Situation 4: Lying on an Entry Form
An athlete wants entry into a very prestigious event where getting an entry spot is very difficult. The event is said to select racers through a lottery process, though there are rumors that lottery chances can be enhanced by volunteering for one of the race director's other events.
Additionally, others are rumored to gain entry advantage by being a long-time racer of the event (way before it was so prestigious), a sponsor of the event, a media-notable athlete, a foreign athlete or an athlete from an age or gender group that typically has low representation.
This eager-to-enter athlete possesses none of the rumored lottery enhancers and is not interested in spending their spare time doing any volunteer work for this event director.
The athlete decides that they are at a distinct disadvantage created by "the system". They decide to even the playing field by lying on their entry form. They lie about their age, gender or country of origin and gain entry into the event. Much later they "fix the problem" by telling race administration that there must have been an error in data entry.
The athlete does the event. You find out about the lie later. Do you inform the race director? The race director still gets the entry fee money, so no harm, no foul, right?
Situation 5: Getting Caught Taking Advantage of Weaker Competition
A cyclist no longer feels fit enough to race in their current USA Cycling or ACA Cycling category. Though they accumulated the performance results to remain at that level or be upgraded, they no longer feel that they can be a podium presence in that category. The rider petitions the organization to be downgraded.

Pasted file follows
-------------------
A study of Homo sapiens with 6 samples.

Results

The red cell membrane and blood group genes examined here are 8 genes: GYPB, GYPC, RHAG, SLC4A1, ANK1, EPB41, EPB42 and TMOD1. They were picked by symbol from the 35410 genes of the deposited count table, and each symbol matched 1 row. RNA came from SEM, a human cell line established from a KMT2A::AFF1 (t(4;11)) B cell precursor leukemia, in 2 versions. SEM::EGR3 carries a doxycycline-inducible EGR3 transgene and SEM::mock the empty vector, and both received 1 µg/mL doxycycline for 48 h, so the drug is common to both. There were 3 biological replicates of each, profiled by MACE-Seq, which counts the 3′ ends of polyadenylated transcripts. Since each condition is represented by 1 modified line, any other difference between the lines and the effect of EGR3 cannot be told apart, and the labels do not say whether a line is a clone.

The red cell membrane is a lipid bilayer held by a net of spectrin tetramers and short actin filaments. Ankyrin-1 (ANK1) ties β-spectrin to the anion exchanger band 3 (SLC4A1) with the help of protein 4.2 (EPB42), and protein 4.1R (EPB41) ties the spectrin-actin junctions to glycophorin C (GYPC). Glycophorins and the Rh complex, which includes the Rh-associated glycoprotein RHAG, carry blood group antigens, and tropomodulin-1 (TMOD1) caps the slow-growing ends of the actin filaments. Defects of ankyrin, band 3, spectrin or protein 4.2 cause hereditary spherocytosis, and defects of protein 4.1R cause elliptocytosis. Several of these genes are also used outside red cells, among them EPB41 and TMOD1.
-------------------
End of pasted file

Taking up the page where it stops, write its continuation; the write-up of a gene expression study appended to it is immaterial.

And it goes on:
The category downgrade is denied.
The rider enters a regional event under an assumed name in their category of choice. They race well in their cherry-picked category, earn prize money for primes and land on the podium. Other savvy racers recognize the lie and turn the liar in to authorities. The liar writes a letter of apology to a few select club members and states that they attempted to correct the problem "the right way" first, and when their request was denied they took the proper action to look out for their own best needs.
Were the racer's actions illegal, unethical or immoral? Should club members forgive and forget? Further, should select club members be sworn to secrecy? If someone reveals the incident on a message board or blog page, should the thread be removed? Should these things not be discussed in public? Should the sanctioning organization forgive and forget?
The situations described in the column do not describe any particular individual or event. Portions of all the situations have been described to me by various sources over several years and I took the editorial liberty of filling in details to create the fictional scenes.
Though these are not actual events, per se, perhaps you know of a situation similar to one of those described here?
Would you be surprised to hear that people, maybe someone you know, do things similar to the situations described here? Do you wonder why people would do these things? What, if anything, should be done about these "low-level" liars, cheaters and thieves in our sport and recreation systems?
"Why?" is a great question. Part II reveals comments from sports psychologists, a professor of philosophy, a lawyer and include research data.